Volleyball is one of the nation’s most popular scholastic sports with nearly 450,000 students playing competively at the high school level. But with only 7500 college scholarships available for women and 400 for men, students must begin early to attract the attention of college recruiters.
Players hoping to be recruited to play college volleyball must begin preparing early for serious scholarship consideration. Playing on club teams and attending volleyball training camps are excellent ways to develop and hone the skills that coaches look for. Recruiters attend these camps, and also scout for players at regional tournaments, national qualifiers, and Junior Olympic Tournaments.
College coaches evaluate athletes on a number of skills. Hitting, setting, serving, passing and digging, and blocking are skills players should master before reaching the college level. Other traits such as team play, strong work ethic, ability and willingness to learn, and physical conditioning are also important.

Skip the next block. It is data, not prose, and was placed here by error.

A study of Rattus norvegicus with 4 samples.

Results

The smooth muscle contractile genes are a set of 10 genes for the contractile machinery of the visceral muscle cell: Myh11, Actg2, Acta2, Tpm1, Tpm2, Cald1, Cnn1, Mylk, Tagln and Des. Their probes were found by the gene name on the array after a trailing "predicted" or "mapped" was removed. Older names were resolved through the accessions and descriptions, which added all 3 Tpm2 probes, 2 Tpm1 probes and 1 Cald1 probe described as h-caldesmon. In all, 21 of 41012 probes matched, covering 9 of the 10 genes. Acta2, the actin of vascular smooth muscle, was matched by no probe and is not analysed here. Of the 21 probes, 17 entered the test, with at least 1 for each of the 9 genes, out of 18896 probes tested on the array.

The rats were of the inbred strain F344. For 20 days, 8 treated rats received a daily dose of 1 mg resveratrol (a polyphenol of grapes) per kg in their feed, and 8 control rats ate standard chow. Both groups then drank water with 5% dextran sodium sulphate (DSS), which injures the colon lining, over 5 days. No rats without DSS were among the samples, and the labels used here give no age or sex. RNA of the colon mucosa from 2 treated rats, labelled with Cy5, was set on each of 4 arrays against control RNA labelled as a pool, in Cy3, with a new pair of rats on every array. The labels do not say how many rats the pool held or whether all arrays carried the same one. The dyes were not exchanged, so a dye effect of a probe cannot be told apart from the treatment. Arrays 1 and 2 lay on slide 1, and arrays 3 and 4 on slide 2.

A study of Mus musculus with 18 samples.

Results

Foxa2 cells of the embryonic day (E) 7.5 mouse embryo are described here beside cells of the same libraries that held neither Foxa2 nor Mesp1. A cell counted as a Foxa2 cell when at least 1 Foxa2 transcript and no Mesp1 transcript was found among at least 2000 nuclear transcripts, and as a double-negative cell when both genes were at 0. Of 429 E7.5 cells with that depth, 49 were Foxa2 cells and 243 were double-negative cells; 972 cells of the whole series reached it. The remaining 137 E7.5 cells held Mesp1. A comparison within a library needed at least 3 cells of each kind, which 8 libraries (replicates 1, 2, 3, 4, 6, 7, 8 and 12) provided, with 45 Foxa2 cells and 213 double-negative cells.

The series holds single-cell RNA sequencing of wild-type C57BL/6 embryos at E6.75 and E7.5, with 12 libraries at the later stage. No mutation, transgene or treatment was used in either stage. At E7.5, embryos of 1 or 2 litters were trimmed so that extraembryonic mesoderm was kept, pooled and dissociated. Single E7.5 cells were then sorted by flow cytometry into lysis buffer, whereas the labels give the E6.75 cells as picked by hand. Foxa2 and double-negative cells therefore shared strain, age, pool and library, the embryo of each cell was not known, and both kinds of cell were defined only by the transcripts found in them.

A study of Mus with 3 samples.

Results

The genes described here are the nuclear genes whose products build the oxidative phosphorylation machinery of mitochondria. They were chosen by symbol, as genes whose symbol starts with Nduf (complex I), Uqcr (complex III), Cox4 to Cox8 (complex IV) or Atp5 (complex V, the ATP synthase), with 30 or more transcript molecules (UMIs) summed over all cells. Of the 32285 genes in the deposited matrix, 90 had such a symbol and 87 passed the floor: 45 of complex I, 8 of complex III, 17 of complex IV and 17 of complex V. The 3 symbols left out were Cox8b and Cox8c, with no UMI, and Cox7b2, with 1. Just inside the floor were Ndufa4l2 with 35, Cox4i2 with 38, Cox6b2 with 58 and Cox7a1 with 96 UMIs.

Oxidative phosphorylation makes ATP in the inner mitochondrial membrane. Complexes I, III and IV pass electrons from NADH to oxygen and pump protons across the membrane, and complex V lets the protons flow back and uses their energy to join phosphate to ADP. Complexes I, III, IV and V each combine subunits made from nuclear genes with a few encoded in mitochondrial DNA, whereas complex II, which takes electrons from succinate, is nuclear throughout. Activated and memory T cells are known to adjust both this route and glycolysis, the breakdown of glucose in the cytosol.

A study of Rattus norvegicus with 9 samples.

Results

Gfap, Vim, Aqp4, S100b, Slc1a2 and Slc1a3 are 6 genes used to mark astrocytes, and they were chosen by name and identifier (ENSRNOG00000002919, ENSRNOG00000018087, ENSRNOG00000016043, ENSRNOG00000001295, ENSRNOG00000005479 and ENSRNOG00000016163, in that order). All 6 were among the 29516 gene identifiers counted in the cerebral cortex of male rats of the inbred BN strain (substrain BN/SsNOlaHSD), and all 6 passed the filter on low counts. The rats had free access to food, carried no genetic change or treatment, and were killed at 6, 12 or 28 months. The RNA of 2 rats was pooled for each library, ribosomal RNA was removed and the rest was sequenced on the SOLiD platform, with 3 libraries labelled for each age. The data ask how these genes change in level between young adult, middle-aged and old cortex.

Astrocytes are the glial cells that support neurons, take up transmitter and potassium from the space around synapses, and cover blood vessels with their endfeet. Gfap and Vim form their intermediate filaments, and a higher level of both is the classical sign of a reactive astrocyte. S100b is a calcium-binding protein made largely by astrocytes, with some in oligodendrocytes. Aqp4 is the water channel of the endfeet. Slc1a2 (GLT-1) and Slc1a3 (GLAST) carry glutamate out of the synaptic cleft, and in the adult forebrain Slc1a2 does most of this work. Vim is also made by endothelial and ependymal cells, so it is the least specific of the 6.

Understand the Recruiting Process
Athletes hoping to play volleyball in college should understand the NCAA recruiting guidelines. A good place to start is by obtaining a copy of the “College-Bound Student-Athlete Guide” located at NCAA.org. This guide covers everything the student-athlete must know, including eligibility standards, academic requirements, and the recruiting process.
Athletes must also register with the NCAA Prospective Student-Athlete Eligibility Center. This site provides an excellent guide to recruitment preparation beginning as early as the ninth grade. There is no time requirement, but it’s a good idea to register by at least the junior year of high school. High school guidance counselors are also a good scholarship information resource.
High school seniors should forward a volleyball resume’ package to prospective college coaches. It should contain a cover letter, printed resume’, and a video or DVD. The resume’ should give a detailed history from club participation to tournament play, and should include any camps attended. The video should show every aspect of play, highlighting defensive and offensive skills and abilities.